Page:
Constituency Statement: Coronavirus

  • March 3, 2020

I rise to talk about the risks of the coronavirus, which I know is causing anxiety for all Australians, including many of my residents. That’s perhaps understandable when we see some of the imagery coming from other countries around the world. But I want to make the clear point that Australia is not one of those countries. We are a nation which, at both the state and federal level, is prepared for any eventuality. So whilst those concerns are understandable, I want to give some assurance to Australians and residents of my electorate that we are prepared to meet any of the challenges that might face us over the months ahead.

In that regard, I want to pay credit to all of those in state governments across the country and, in particular, the federal government who are working so hard on the contingency planning and prevention measures that have already been adopted. In particular, I would mention our own chief medical officer, Professor Brendan Murphy, someone I’ve previously had the pleasure of working with in my role as chair of the standing committee on health. And I know that we are in exceptionally capable hands.

Professor Murphy and all the state agencies are providing advice to residents, and I want to reiterate some of that today. Firstly, obviously, personal hygiene is very important. Secondly, it is important that we carry on with our lives and not be afraid of going to local businesses and restaurants ,or even attending big events, because all the advice we have is that there is no risk from doing so.

I also want to mention some of the imagery of empty supermarket shelves that is appearing on social media in my electorate. It makes no sense that people are rushing out to buy things like bulk supplies of toilet paper. That is simply not necessary. I would say it was a little bit ridiculous and silly; but the sad fact is that, when people do that, there is a serious consequence. I want people to think about the fact that, this week, there will be older Australians, and maybe Australians with disabilities, going out for their weekly shop and finding they can’t find the things that they actually do need for the week ahead. So I would ask residents to reflect seriously on whether it is truly necessary for them to engage in those types of practices when all of the advice is that we don’t need to be concerned in that way.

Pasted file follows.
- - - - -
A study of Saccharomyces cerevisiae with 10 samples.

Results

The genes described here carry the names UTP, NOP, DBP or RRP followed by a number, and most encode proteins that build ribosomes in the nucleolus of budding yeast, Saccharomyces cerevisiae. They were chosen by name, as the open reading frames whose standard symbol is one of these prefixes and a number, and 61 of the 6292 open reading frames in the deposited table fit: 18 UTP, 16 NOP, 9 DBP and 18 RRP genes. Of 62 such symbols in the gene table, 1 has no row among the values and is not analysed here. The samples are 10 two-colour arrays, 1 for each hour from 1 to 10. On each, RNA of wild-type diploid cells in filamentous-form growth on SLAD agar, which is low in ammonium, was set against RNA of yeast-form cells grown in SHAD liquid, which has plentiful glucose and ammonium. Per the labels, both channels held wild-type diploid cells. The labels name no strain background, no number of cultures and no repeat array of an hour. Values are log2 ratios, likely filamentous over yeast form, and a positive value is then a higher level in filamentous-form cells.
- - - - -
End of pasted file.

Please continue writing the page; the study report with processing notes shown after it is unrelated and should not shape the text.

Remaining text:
I want to acknowledge the role of the Chinese community in my electorate. I know that many businesses have been hit hard over the last couple of weeks. Some restaurants have reported a decline in trade of up to 50 per cent. But the great news is that they are bouncing back, and I’m really pleased to see that. I hope that by leading by example—I have enjoyed far too many yum chas over the last two weeks—I have encouraged others to do the same.

It will be a tough time for our nation and many parts of the world over the coming weeks and months. The important thing is that we listen to their professional advice and act accordingly.